Washington: When President Donald Trump won the White House four years ago in a surprise victory, conservative Christians could not believe their good fortune.
At every turn of his presidency, he gave them everything they wanted: Two hundred federal judges appointed for life. An embassy in Jerusalem. Anti-abortion policies. Two Supreme Court justices, and then in the final hours, a third. He was their bulwark, their defender, at a time when the country as they knew it, and their place in it, was changing. And he brought their movement to a pinnacle of political maturity.
Now the election of Joe Biden marks a new chapter for conservative Christian power, which reached a peak under Trump. As Republican evangelicals around the country processed the week’s events, they reflected on how much they had gained in the last four years and on their fears over what could happen under a Biden administration. They also wondered when and how they would regain power.
In Sheldon, Iowa, where about 8 out of 10 voters supported Trump, Leah Schoonhoven journaled her concerns about a Biden presidency over three single-spaced pages. She worried that the election results were corrupted, and that Biden would reverse Trump’s priorities, from building the border wall to elevating conservative evangelical ideals on religious freedom.
“He doesn’t stand for Christianity at all; maybe he will prove me wrong,” she said of Biden, who is Catholic. “It scares me. He’s not going to do everything that Trump did.”
“I don’t think our world will ever get back, when you have a country that is this divided,” she said.
Donna Rigney, a pastor whose church meets in the lodge of a recreational vehicle park in Salt Springs, Florida, had supported the president since 2016, when she received what she saw as a direct message from God supporting his candidacy.
After this election, she sent an email to the people in her prayer circles urging them not to give up. “We have to drag Donald Trump over the finish line with prayers of faith, worship, fasting and staying in the place of loving and forgiving our enemies,” she wrote.
But she said Friday that if this did turn out to be the end of the Trump era, she was grateful for what he had done for the country, and comforted that he would suffer fewer attacks. “He will be fine, he has God’s hand on him,” she said. “He’ll be better off not being the president and not being attacked daily. But I really feel this will be terrible for the nation.”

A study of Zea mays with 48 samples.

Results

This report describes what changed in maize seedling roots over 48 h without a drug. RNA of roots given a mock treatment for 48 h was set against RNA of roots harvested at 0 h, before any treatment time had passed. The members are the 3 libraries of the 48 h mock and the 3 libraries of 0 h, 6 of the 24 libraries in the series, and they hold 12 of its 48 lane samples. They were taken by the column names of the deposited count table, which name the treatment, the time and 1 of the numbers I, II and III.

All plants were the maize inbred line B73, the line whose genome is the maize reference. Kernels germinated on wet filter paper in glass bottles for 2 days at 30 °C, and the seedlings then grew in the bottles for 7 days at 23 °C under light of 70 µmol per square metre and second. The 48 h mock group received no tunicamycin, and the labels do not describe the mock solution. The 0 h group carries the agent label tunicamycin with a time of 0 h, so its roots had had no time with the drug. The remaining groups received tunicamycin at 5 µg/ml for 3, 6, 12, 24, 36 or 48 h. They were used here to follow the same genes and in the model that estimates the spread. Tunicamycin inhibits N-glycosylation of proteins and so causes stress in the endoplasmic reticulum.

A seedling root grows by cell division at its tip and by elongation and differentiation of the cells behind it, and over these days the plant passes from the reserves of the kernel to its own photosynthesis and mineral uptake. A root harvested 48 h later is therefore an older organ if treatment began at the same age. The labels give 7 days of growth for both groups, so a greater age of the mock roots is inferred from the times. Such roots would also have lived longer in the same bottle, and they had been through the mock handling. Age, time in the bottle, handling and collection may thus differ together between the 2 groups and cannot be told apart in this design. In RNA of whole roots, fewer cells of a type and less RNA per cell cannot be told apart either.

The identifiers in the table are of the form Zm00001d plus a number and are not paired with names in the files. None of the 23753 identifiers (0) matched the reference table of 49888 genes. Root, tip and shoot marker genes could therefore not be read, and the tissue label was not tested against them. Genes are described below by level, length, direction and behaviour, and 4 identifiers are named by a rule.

Trump’s presidency repeatedly revealed the deep divide between white conservative Christians and other people of faith, or of no faith at all. Biden’s narrow margin of victory in several battleground states revealed that the cultural clash between these groups is far from over. About 8 in 10 white evangelical voters supported Trump in the 2020 election, according to AP VoteCast, just as they did in 2016. Biden’s coalition included many Black Protestants, Hispanic Catholics, and religiously unaffiliated Americans.
Trump did win a larger share of support from Latino voters overall, though, compared with four years ago. And for Rev. Samuel Rodriguez, a Sacramento, California, pastor who prayed at Trump’s 2017 inauguration, the lesson from the 2020 election was that Latinos had become what he called “the quintessential swing vote.”
Rodriguez saw one legacy of the Trump era redefining American evangelicals’ former approach to the question of politicians’ character. Their loyalty to Trump, which had required overlooking language and behaviour they found abhorrent, proved that personal character isn’t everything to them, given how many tangible goals were achieved.
“The policies are absolutely remarkable,” he said.
Like the president, a number of evangelical leaders refused to accept an outcome in which Trump had lost. Moments after most major news networks calculated that Biden had won the race, Franklin Graham, the evangelist, cautioned that the results were not “official.”
And Graham warned that under a Biden administration, Christian businesses would soon be targeted for things like not selling a cake for a gay wedding, as he said happened during Obama’s presidency.
“America is in such moral decline,” he said. “We are becoming a much more violent country. I am afraid for our country.”
In Texas, Robert Jeffress, pastor of First Baptist Dallas, reserved billboards across the city to advertise his upcoming sermon on how Christians should respond to a Biden presidency.
“There are going to be millions of Christians who are disappointed in these results,” he said.
“A Joe Biden win cannot erase all the positive accomplishments than can be attributed to President Trump,” he said. “I don’t think there is any way to calculate all the good things he has accomplished.”
Some social conservative political groups were already pivoting to other political fights, such as protecting Republican control of the Senate, which could be decided by two runoff elections in Georgia in January. Continued Republican control of the Senate could buffer their accomplishments under Trump, and make it harder for Democrats to do things like fund Planned Parenthood or increase the size of the Supreme Court, several organizers said.
“To plan for the Biden administration, we’ve got to have a backstop; otherwise it is the Armageddon we feared in the beginning,” said Marjorie Dannenfelser, president of the Susan B. Anthony List. “That’s why Georgia is so vital. The other side knows that, too.”